Are you one of the millions of American students (or their parents) facing the choice of taking the COVID shot or being barred from school?
The 800 reported cases of heart inflammation, now being investigated by the Centers for Disease Control and Prevention (CDC), give a new urgency to the question. The most poignant case might be the 19-year-old girl, a journalism student at Northwestern University, who died two months after receiving her first dose of the Moderna product. Even a heart transplant could not save her.
One of the world’s most widely published cardiologists, Dr. Peter McCullough, fears that many of these formerly fit and healthy young people will wind up with heart failure.
Half the patients with a diagnosis of heart failure live less than 5 years. Even if heart damage is mild, the patient might not be able to participate in athletics or aspire to be a pilot, firefighter, or soldier, or to engage in any physically demanding occupation.
Another potential risk is infertility. This might not become apparent for years, as college students are generally postponing childbearing until they achieve educational or career goals. But an early warning signal is coming from fertility clinics, where eggs and sperm from previously successful donors are not producing viable embryos.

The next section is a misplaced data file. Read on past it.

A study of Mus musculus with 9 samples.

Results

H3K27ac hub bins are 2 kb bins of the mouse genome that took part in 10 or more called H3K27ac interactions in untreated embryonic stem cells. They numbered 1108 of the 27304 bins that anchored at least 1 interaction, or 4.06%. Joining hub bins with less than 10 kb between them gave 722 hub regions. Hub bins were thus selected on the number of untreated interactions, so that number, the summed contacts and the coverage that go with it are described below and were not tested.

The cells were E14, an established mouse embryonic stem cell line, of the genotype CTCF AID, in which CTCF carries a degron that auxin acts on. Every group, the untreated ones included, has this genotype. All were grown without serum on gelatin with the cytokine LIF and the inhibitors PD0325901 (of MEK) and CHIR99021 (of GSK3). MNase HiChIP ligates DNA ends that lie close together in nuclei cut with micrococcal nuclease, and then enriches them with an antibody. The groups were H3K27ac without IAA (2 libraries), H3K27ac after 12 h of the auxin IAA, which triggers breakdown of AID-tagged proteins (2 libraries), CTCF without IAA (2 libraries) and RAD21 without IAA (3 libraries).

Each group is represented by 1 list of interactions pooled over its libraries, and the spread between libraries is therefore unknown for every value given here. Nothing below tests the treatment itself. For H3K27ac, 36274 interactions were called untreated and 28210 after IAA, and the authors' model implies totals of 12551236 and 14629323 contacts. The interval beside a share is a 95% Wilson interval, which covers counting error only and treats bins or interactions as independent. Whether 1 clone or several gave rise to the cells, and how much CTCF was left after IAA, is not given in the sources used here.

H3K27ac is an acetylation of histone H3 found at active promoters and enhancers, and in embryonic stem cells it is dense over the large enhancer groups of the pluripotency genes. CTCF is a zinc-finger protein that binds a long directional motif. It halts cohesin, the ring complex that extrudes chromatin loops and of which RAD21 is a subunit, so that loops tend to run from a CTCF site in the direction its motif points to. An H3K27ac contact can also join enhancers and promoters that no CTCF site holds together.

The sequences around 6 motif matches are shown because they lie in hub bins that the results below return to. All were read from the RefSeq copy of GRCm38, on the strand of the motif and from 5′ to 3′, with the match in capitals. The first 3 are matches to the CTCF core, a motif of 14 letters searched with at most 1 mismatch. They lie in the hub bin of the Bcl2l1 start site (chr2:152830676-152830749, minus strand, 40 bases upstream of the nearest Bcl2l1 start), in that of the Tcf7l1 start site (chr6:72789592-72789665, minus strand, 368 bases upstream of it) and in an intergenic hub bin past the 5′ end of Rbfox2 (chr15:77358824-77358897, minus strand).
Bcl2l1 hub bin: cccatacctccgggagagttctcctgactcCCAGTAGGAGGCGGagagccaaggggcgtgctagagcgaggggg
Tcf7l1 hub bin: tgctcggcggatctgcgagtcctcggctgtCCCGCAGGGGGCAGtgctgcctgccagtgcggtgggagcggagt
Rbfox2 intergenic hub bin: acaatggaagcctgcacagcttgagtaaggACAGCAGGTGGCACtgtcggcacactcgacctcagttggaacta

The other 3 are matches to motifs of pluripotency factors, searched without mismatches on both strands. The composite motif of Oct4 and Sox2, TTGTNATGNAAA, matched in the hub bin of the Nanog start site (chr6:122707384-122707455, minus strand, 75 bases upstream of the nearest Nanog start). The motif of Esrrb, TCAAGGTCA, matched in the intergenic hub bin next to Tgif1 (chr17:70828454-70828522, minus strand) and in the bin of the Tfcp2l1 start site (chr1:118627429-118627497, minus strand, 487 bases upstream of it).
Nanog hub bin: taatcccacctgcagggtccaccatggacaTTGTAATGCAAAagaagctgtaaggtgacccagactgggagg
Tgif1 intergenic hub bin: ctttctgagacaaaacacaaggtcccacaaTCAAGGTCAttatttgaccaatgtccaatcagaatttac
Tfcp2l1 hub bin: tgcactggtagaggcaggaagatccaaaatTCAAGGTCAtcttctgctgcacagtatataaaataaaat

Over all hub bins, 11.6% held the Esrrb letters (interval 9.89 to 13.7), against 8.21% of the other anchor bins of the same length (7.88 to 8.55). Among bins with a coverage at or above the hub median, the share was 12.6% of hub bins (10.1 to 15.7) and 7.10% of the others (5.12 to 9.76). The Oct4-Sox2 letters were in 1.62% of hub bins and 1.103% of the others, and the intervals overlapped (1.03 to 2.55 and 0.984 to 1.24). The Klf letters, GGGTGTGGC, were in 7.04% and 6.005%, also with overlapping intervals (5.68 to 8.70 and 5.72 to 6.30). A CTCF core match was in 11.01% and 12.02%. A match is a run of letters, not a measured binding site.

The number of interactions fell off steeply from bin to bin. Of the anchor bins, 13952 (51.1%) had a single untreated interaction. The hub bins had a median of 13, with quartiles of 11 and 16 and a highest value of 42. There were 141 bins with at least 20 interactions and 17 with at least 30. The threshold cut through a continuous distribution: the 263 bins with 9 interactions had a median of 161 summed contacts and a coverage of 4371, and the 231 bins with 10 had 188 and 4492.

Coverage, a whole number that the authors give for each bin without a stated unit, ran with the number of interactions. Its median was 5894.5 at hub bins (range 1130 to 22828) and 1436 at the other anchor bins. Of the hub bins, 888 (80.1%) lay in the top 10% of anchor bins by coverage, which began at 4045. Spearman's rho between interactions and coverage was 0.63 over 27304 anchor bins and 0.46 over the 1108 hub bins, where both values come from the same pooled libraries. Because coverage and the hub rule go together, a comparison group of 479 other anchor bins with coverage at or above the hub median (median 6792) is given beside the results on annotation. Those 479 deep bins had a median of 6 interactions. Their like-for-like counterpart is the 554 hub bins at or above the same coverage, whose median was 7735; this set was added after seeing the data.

Having a significant fraction of our young people disabled or infertile is a truly existential risk.
Yet, despite objections from physicians, hundreds of colleges are still insisting that students get the jab, even those already immune, who gain no conceivable benefit.
Legal challenges may be undertaken, but courts have generally been unsympathetic to challenges to vaccine mandates. A Texas court just dismissed a challenge by some 116 employees of the Houston Methodist hospital system, who will be fired if they decline the shots.
Many will take the shots, even against their better judgment, because of peer pressure, continued trust in the CDC, the belief that these genetically engineered products are no different from other vaccines, or the high cost of disrupting their career plans. Since the purveyors of the products are protected from liability, all costs—even of death and disability—will be borne by students and their families.